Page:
UN agency urges increased aid for West Africa to safeguard fragile peace process

22 November 2004

Warning that the absence of headline-grabbing battles now risked pushing three West African countries under the humanitarian radar and undermining nascent peace efforts, the United Nations emergency feeding agency has called on the world community to bolster support for one million people struggling to emerge from the devastation of war.

“For the situation to remain stable in Guinea, Liberia and Sierra Leone, the world must commit to helping people reconstruct a normal life,” World Food Programme (WFP) Senior Deputy Executive Director Jacques Graisse told a weekend conference in Freetown, the Sierra Leonean capital.

The conference, sponsored by the Italian Government, brought together representatives of African nations, UN agencies, non-government organizations (NGOs) and the donor community to review the region’s humanitarian needs.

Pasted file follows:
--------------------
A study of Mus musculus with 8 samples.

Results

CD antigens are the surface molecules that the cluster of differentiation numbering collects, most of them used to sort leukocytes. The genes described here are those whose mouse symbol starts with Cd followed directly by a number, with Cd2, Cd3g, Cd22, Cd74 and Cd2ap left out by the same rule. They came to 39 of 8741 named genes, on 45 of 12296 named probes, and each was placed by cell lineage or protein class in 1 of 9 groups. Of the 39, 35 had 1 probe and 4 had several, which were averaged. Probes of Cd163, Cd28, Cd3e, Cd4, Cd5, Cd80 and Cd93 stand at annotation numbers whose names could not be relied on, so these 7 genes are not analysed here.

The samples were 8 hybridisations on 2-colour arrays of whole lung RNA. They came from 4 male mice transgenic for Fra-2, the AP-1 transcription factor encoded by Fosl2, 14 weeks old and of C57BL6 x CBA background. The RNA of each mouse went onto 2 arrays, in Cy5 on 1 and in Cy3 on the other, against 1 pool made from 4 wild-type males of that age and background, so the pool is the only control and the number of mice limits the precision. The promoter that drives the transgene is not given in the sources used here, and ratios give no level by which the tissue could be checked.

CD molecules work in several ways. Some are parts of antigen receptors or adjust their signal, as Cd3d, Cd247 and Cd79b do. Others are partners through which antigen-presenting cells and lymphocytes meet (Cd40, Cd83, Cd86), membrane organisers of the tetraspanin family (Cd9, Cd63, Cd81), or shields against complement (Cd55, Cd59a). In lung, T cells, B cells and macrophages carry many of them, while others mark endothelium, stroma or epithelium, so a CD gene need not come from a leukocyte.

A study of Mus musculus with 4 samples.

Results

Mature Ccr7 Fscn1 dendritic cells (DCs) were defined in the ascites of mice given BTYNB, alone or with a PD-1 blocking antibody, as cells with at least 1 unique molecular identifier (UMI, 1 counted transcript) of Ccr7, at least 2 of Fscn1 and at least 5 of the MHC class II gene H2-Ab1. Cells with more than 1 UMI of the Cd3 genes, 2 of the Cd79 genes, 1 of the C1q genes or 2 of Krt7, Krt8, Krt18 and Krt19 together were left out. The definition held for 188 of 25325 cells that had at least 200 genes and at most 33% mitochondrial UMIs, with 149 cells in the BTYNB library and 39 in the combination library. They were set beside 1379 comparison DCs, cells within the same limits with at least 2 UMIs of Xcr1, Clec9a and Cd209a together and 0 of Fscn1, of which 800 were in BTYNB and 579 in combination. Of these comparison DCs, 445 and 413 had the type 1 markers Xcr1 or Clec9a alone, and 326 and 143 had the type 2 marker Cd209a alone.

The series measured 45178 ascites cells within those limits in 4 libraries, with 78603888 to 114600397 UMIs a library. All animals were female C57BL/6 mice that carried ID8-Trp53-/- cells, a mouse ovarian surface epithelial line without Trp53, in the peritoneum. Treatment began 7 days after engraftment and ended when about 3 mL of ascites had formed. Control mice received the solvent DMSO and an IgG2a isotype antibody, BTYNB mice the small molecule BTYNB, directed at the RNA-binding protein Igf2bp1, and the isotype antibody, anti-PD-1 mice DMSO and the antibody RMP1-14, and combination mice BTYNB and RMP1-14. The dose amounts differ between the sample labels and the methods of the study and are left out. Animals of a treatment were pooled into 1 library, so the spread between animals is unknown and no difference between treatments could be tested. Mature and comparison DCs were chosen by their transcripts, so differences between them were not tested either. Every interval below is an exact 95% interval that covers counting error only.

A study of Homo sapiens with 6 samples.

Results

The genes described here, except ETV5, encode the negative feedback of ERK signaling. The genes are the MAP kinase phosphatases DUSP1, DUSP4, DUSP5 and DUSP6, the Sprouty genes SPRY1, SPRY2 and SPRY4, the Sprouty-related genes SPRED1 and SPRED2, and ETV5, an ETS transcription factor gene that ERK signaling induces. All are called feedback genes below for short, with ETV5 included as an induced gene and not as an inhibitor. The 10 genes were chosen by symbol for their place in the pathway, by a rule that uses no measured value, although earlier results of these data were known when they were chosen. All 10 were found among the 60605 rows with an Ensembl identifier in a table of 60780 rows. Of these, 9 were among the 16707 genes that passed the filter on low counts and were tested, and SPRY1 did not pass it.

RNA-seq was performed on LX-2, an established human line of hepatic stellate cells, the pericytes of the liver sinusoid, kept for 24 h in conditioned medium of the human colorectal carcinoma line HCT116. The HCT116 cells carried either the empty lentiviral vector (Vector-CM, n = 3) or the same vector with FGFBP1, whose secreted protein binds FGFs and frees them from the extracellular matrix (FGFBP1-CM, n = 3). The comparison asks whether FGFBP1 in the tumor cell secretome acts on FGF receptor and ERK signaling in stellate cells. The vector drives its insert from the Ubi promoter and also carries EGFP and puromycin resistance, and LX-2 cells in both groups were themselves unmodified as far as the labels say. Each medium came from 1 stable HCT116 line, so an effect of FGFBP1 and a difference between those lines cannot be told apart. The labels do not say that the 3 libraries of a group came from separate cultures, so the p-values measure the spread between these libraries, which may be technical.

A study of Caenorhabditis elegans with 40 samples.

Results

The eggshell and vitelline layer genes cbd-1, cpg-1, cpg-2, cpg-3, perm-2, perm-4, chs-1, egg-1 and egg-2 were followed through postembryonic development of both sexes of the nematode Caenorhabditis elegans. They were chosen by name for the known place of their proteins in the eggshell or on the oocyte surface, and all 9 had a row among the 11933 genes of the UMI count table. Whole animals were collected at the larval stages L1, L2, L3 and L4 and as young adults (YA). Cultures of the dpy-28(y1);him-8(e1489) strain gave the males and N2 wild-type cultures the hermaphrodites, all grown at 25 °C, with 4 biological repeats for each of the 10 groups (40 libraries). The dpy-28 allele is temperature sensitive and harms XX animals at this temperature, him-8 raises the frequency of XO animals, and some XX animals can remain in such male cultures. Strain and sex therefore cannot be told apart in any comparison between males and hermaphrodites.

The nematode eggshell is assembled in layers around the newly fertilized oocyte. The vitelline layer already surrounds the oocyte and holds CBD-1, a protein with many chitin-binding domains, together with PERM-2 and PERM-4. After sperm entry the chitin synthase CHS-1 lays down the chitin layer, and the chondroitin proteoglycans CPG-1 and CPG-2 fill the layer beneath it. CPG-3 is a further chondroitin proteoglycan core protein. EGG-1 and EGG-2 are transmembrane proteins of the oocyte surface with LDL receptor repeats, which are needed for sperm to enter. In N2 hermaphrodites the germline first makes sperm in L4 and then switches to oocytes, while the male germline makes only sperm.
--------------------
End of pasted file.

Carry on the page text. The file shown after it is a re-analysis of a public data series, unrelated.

“The steps towards peace are both impressive and inspiring,” Mr. Graisse said. “But unless the most basic needs of food, shelter and income are met, stability cannot take root.”

WFP has been assisting some 900,000 people in all three countries where social and economic infrastructures as well as agriculture have been ravaged by war. The agency is also deeply concerned about the current unrest in Côte d’Ivoire and its potential regional impact. In January, WFP will launch a two-year $155-million programme.

To date donors have contributed $61.3 million towards the agency’s $81.6 million West Africa operation for 2004.

“The humanitarian needs in these countries are immense,” Mr. Graisse said. “With all the crises in the world today, it is easy to overlook Guinea, Liberia and Sierra Leone, where headline-grabbing conflict has ended. But this would be exactly the wrong time to neglect this sub-region. It is up to the world community to secure this peace.”